Passing Through Ugly On the Road to Fantasy

Remember when you were a kid and you'd pass the time on long car trips with games like count-the-cars or how-many-miles?


Well, here there's an even better one: Name that village.


With its bumpy, barely navigable roads, Russia is not one of those places where you often take long car rides. But when you do, reading the names of the derevni as you speed past is one of the most fun ways to spend the time.


Where else but Russia, after all, would you pass through a town called Chyornaya Gryaz (Black Mud)? Or how about Bolshiye Kozly (Big Goats)? The first is on the highway to St. Petersburg just as you ease out of Moscow past Sheremetyevo Airport. The second is a hamlet not far from the city of Kaluga.


You could pay a visit to Baranyi Roga (Ram Horns), another quaint town in the Moscow region. Or Durakovo (Foolsville). Or how about Chyornogolovka (not blackhead, but named for a plant called blackcap)?


Village lore in each of these places tells the story of how such names arose. Doubtless these tales are at least as entertaining as how Hot Coffee, Mississippi, got its name.


Every region has its Novaya or Novoye (New), no matter how weathered the cottages look. The Moscow region boasts no fewer than 31 such settlements, with even a couple of villages named Novaya Zhizn (New Life) sprinkled in.


Every region has a town named Gryaz (Mud), no surprise given recent half-hearted winters and the long, wet springs. There are also settlements called Staroye (Old), Lesnaya (Forest) and there are even the good people of Dobroye (Kind).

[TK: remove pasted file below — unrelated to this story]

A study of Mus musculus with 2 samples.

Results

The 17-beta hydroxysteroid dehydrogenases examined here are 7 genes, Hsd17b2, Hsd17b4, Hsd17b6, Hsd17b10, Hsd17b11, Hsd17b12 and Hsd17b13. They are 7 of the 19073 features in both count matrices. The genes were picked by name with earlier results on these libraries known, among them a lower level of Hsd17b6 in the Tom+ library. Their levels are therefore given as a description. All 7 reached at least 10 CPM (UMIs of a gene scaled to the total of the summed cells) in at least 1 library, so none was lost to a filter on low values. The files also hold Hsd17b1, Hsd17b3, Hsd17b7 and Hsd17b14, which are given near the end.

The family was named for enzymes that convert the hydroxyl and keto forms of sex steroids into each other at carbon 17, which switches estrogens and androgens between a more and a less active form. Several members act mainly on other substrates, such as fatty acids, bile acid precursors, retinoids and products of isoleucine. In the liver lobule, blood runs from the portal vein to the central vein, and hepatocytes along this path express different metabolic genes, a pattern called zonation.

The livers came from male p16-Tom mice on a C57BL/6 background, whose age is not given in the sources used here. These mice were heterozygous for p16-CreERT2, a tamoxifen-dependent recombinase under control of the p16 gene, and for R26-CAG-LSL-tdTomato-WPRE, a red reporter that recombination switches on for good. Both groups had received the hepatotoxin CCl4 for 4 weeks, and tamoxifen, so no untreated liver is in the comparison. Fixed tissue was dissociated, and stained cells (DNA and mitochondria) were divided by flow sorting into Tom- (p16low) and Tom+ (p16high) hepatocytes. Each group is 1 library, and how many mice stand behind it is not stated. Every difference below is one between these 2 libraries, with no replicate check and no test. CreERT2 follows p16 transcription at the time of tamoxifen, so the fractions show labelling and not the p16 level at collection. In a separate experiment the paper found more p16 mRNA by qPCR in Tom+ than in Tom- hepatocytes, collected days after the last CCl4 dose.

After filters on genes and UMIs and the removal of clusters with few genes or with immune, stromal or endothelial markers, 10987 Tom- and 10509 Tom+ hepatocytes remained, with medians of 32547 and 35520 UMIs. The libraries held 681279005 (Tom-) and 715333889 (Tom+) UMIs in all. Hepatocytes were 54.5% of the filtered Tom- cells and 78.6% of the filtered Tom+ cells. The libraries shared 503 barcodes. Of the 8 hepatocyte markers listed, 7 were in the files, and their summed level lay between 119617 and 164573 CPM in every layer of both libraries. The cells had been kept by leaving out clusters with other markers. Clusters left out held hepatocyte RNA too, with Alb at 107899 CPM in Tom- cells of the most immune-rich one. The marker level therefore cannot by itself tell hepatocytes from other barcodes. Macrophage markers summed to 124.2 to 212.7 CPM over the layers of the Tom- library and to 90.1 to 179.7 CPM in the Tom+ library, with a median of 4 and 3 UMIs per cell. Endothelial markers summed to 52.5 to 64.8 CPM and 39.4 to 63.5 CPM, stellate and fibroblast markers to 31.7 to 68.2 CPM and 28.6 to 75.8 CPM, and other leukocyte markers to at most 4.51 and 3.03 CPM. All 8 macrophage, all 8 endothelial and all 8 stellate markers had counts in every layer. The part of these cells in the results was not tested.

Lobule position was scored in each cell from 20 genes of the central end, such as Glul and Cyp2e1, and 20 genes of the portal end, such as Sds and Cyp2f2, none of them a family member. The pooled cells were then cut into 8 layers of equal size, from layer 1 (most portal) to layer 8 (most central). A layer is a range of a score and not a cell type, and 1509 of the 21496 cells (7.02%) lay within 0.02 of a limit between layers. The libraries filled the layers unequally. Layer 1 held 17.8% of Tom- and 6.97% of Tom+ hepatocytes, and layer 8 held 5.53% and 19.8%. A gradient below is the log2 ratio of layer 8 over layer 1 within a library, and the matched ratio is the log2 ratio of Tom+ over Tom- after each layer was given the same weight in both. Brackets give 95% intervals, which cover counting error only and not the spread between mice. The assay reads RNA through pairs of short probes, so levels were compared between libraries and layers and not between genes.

There are also village names to help the citified New Russian feel at home at his new estate in the sticks, like Kazino (Casino). The less fortunate among this set, on the other hand, might be consigned to Vorovaya (Thievesville).


Those nostalgic for the past may settle instead in Vozhd Proletariata (Leader of the Proletariat), any of the still-popular Pervaya Maya (May 1) or perhaps even the wistful-sounding Krasnoye Ekho (Red Echo), a quaint stop on the road from Vladimir to Gus Khrustalnyi (Crystal Goose), site of a well-known crystal factory.


So on the next nice day when you have nothing better to do, jump in a car and head out for a picnic in the rolling countryside around Krasny Sad (Red Garden). It's a long way: First you'll pass through Komary (Mosquitoes), then the toothless town of Bezzubovo (Toothless). Watch out on your way through Bezobrazovo (Ugly). But just when you think it's all Bezumovo (Senseless), finally, you'll reach your village, not too far from Vydumki (Fantasy).